Targeting metabolic vulnerability in advanced prostate cancer


The RB1 tumor suppressor gene was discovered more than three decades ago. RB1 mutation drives tumor initiation in only limited types of malignancy, yet RB1 inactivation is documented in a wide variety of tumors during malignant progression. RB1 primarily engages in cell cycle and differentiation control. However, recent efforts including our own work highlighted its role in controlling cellular metabolism, undifferentiated behavior of cancer cells and tumor microenvironment.1–4


How to target RB1-inactivated tumors has been investigated extensively. The phenotypic rescue seen in Rb1-E2fdouble knockout mice indicated that E2Fs or their target gene products would be good therapeutic candidates. Similarly, analyses of Rb1-Ras double knockout mice indicated that suppression of Ras pathway might be effective.5–8 Furthermore, genes whose loss of function causes synthetic lethality in the absence of RB1 function include Chk1, PLK, Aurora A and B, CDC25 and WEE1.


As a part of genomic abnormality associated with carcinogenesis, various tumor suppressor genes are deleted in cancers in different contexts. Since such deletions often involve surrounding genes, we surveyed the loss of genes neighboring various tumor suppressor genes.


RB1 gene is often deleted in advanced prostate adenocarcinomas. We found that SUCLA2 gene is frequently involved in the deletion of the RB1 gene region. We estimated that 10 to 30 % of advanced prostate cancers may carry bi-allelic deletion of SUCLA2.


As SUCLA2 constitutes the beta-subunit of succinate CoA ligase heterodimer, we investigated whether its loss would result in metabolic changes in tumor cells. Indeed, we found a significant metabolic shift in SUCLA2-deleted prostate cancer cells. By screening a number of libraries for compounds that induce cell death selectively in SUCLA2-deficient prostate cancer cells, we identified thymoquinone (2-isopropyl-5-methylbenzo-1,4-quinone). Our findings thus indicated that the metabolic vulnerability in SUCLA2-deficient prostate cancer cells is pharmacologically targetable9.


Thymoquinone is a monoterpene and the main active ingredient of black cumin (Nigella sativa). We are currently trying to identify the molecular target of thymoquinone to clarify the pharmacological mechanism of its efficacy and to develop better compounds to cure advanced prostate cancer.


Thymoquinone induces cell death selectively in prostate cancer cells lacking SUCLA2 gene.

Written by Chiaki Takahashi, Paing Linn and Susumu Kohno




1        Takahashi C, Sasaki N, Kitajima S. Twists in views on RB functions in cellular signaling, metabolism and stem cells. Cancer Science 2012; 103: 1182–1188.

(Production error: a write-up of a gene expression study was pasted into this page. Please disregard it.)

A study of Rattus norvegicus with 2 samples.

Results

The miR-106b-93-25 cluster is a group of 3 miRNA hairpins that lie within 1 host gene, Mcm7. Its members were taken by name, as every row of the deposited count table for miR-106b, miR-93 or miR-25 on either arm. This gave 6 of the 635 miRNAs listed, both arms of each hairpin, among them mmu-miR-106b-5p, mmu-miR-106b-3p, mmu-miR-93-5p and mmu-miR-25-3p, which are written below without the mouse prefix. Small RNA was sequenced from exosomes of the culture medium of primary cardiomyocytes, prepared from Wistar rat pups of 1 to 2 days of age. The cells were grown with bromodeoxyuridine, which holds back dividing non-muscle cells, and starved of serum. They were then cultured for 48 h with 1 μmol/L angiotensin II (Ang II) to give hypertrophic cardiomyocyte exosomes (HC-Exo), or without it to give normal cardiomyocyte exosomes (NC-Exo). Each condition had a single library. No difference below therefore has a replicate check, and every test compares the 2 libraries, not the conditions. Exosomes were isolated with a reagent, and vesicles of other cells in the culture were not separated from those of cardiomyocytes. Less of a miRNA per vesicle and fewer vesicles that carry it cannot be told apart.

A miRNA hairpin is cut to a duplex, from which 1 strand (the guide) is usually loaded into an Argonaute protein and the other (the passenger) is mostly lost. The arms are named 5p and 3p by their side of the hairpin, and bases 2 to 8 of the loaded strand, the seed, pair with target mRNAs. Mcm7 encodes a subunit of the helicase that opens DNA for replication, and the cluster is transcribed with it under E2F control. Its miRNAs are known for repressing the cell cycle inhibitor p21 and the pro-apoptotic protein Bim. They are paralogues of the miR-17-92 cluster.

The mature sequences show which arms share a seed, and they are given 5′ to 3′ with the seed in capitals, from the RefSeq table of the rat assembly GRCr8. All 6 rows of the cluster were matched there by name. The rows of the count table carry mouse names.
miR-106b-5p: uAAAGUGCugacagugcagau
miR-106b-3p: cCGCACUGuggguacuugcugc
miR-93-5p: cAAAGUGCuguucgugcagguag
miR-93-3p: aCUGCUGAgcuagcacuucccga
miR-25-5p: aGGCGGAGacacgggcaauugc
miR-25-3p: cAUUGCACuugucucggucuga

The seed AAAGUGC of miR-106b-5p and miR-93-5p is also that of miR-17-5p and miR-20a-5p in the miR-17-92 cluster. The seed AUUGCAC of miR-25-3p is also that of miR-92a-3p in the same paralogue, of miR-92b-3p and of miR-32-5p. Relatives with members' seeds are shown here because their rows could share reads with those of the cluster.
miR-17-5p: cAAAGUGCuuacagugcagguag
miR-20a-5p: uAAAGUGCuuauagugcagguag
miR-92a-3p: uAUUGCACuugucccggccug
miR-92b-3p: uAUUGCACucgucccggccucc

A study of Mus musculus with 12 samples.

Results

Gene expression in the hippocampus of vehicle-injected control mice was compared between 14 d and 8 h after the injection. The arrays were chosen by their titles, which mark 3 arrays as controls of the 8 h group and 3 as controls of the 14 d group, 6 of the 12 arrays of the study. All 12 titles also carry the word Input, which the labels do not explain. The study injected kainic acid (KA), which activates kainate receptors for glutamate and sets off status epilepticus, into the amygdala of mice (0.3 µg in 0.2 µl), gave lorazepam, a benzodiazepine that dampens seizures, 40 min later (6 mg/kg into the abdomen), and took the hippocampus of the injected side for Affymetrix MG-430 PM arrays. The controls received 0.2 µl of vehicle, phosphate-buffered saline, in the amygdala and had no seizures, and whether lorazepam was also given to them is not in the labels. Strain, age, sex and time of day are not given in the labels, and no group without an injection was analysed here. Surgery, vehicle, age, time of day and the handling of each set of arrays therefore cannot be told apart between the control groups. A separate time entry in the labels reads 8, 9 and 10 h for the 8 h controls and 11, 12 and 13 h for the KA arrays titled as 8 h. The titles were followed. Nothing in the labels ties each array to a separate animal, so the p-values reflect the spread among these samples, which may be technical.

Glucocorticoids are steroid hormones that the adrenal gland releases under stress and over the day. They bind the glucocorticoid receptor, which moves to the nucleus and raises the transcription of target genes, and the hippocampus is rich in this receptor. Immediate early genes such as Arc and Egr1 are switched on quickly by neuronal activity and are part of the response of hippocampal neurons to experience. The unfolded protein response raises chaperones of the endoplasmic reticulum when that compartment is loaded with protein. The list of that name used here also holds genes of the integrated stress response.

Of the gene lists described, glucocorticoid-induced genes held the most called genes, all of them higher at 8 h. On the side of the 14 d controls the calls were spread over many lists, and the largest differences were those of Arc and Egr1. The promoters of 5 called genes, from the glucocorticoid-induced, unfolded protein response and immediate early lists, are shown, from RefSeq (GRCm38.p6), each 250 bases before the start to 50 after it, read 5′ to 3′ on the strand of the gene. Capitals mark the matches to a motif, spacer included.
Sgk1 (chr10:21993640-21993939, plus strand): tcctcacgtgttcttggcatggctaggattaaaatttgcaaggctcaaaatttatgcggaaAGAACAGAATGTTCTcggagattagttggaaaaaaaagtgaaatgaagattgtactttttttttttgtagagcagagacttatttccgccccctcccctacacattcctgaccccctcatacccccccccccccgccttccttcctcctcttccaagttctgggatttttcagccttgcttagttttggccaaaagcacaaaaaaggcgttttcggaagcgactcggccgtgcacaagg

2        Kitajima S, Kohno S, Kondoh A, Sasaki N, Nishimoto Y, Li F et al. Undifferentiated State Induced by Rb-p53 Double Inactivation in Mouse Thyroid Neuroendocrine Cells and Embryonic Fibroblasts. Stem Cells 2015; 33: 1657–1669.

3        Kitajima S, Yoshida A, Kohno S, Li F, Suzuki S, Nagatani N et al. The RB-IL-6 axis controls self-renewal and endocrine therapy resistance by fine-tuning mitochondrial activity. Oncogene 2017; 36: 5145–5157.

4        Li F*, Kitajima S*, Kohno S, Yoshida A, Tange S, Sasaki S et al. Retinoblastoma inactivation induces a protumoral microenvironment via enhanced CCL2 secretion. Cancer Research 2019; 79: 3903–3915. * equal contribution.

5        Takahashi C, Bronson RT, Socolovsky M, Contreras B, Lee KY, Jacks T et al. Rb and N-ras Function Together To Control Differentiation in the Mouse. Mol Cell Biol 2003; 23: 5256–5268.

6        Takahashi C, Contreras B, Bronson RT, Loda M, Ewen ME. Genetic Interaction between Rb and K-ras in the Control of Differentiation and Tumor Suppression. Mol Cell Biol 2004; 24: 10406–10415.

7        Takahashi C, Contreras B, Iwanaga T, Takegami Y, Bakker A, Bronson RT et al. Nras loss induces metastatic conversion of Rb1-deficient neuroendocrine thyroid tumor. Nature Genetics 2006; 38: 118–123.

8        Shamma A, Takegami Y, Miki T, Kitajima S, Noda M, Obara T et al. Rb Regulates DNA Damage Response and Cellular Senescence through E2F-Dependent Suppression of N-Ras Isoprenylation. Cancer Cell 2009; 15: 255–269.

9        Kohno S*, Linn P*, Nagatani N, Watanabe Y, Kumar S, Soga T and Takahashi C. Pharmacologically targetable vulnerability in prostate cancer carrying RB1-SUCLA2 deletion. Oncogene July 21, 2020 (online). * equal contribution.